ANN/THE STAR – Human beings walk into a room and think in terms of floor space, or perhaps sofa seating. Cats are three-dimensional thinkers who are happiest lounging high up in the air, on bookshelves, counter tops, windowsills and stairs.
Part of their love of heights stems from a safety issue: Predators like dogs attack on the ground, so when a kitty is high up, she feels safe. They evolved to seek high spaces.
Cats are therefore superb jumpers, being able to leap six times their own height, and sometimes more. They can do so because they have incredibly well-developed muscles in their back paws, a very flexible spine, and a tail that acts as a rudder.
When a cat jumps, it does so in stages. It bunches up, tensing the strong muscles, and then unleashes them like a spring, propelling the body into the air. During the jump, the long back flexes, much like an airplane wing, and the tail acts as a balance.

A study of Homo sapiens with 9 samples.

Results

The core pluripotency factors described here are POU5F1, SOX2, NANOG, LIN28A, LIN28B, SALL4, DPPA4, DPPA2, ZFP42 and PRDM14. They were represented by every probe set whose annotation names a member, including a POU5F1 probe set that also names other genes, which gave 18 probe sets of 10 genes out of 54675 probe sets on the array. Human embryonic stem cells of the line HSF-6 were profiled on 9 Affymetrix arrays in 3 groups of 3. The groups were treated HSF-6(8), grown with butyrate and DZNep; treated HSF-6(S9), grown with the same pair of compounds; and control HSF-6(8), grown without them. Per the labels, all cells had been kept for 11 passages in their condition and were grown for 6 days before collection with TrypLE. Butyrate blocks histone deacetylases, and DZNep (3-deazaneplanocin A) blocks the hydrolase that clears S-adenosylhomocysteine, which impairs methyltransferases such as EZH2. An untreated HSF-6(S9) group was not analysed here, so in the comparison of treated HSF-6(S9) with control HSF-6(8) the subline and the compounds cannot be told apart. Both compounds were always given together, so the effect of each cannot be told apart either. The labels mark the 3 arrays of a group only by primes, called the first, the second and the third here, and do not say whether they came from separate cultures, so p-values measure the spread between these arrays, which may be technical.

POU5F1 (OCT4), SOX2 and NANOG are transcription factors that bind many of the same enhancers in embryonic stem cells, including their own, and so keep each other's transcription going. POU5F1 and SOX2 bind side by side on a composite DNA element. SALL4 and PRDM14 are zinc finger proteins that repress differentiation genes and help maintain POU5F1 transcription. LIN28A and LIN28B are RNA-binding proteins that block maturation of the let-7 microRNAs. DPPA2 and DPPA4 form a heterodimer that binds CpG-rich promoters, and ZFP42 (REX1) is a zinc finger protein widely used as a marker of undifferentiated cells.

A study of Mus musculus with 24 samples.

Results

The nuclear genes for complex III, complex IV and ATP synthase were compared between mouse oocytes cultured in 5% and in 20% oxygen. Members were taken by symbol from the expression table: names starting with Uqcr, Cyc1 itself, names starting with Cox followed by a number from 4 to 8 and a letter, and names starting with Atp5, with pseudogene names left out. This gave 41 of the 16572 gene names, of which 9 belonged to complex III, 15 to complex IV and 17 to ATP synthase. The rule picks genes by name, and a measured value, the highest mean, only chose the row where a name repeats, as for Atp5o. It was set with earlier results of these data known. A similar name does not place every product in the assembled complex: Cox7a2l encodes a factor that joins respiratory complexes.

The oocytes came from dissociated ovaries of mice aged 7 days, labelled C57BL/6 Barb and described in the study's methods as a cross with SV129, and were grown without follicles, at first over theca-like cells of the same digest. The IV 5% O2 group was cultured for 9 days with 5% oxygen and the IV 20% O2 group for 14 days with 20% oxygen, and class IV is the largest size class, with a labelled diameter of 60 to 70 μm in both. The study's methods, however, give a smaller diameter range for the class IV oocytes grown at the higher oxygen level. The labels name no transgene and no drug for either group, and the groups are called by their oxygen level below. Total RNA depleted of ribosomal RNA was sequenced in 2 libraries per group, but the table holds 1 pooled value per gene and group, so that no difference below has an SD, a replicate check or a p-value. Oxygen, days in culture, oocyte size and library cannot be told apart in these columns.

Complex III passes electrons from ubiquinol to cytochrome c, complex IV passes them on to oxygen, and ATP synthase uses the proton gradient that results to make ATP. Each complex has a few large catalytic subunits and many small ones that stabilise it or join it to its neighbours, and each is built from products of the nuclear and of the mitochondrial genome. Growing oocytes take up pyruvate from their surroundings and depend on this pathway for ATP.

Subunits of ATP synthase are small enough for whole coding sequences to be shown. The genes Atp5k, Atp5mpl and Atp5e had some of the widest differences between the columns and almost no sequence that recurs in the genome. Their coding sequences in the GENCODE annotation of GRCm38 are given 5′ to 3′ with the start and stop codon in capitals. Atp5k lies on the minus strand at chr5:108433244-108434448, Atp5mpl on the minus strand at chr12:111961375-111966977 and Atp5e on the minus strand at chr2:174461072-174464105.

Cats do need to learn to jump, and some are better at it than others. Therefore, some will calculate exactly where they will land, acting like small furry paratroopers from an elite unit, while others smash down, scrabbling to hold on, and scattering whatever is near them.
As for trying to train them out of jumping, you can try, but you’re battling nature. Your cat will never say woof, and it’s not likely that your no is going to change thousands of generations of instinct.
Practically speaking, it’s simpler to make sure that your pet’s favourite high places are accessible and to remove breakables.
Note that some cats will jump and think they will look later to see what’s beyond.
Therefore, be sure that windows leading to large drops are shut or meshed in, and build a cage around balconies.